Photographer Rajib De brings out the contrast between a city from the past and a new emerging city in India through his photography exhibition
“Nothing in life is permanent.” Hampi, the once magnificent city of the fourteenth century, is now deserted. A new polis, Newtown, is rising out of the rural soil of West Bengal. Photojournalists Rajib De, explores the state of these two cities visually through his exhibition in India International Centre.
Titled A Tale of Two Cities, it is a photographic study of a great Indian city in the sleeping past and another waking into being a part of the urban space. It provides us a glimpse of the changes in Indian civilisation from medieval to modern days.
Set in a panoramic format, all the images are in black and white and are put together in pairs. The exhibition features 21 pairs of his photographs which captures the contrast between the magnificent ruins of a city in the past and the distant buildings of a new emerging city. The photographs hints at the scenes of ordinary life at the busy streets of Hampi which now lies silent and deserted.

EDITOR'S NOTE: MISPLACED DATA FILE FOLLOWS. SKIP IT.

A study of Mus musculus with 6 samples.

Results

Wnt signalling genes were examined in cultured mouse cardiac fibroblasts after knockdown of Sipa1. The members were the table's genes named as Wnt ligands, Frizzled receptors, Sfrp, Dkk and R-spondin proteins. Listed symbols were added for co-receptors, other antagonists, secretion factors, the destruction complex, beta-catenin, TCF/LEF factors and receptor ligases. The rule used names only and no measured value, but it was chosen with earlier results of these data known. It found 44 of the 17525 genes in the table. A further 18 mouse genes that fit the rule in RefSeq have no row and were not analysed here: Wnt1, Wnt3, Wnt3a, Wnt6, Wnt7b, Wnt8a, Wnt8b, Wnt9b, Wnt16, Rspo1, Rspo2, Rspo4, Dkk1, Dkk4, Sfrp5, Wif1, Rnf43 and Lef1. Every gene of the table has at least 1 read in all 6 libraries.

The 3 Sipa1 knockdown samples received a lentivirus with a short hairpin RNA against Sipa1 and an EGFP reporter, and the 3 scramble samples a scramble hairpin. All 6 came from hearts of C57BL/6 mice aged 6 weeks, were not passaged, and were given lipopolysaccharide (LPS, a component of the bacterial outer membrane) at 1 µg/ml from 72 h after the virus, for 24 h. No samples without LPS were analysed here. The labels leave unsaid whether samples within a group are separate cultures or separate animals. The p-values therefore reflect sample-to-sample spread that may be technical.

Situated 5-6 km away from his home in Salt Lake, Rajib has been capturing the changing landscapes of Newtown for the past six years. During this time, he came across a photo of Hampi one day and felt drawn to that place. He visited Hampi six times and clicked photographs of the ruins.
Bringing it all back to his edit table, he started editing all the photographs of both the cities when it hit him that there was some relation between them. He identified a harmony between the two phases of Indian civilisation and put them together in pairs, creating a connection across ages.
Rajib had started photography with The Telegraph in 1989 and has worked with The Statesman, The Bengal Post and is currently the photo editor of Kolkata-based newspaper Sangbad Protidin.
So drop in to look at the duality of two cities through photographs as it traces the gradual rise and inevitable fall of any civilisation. The exhibition is being hosted from August 10 to 20.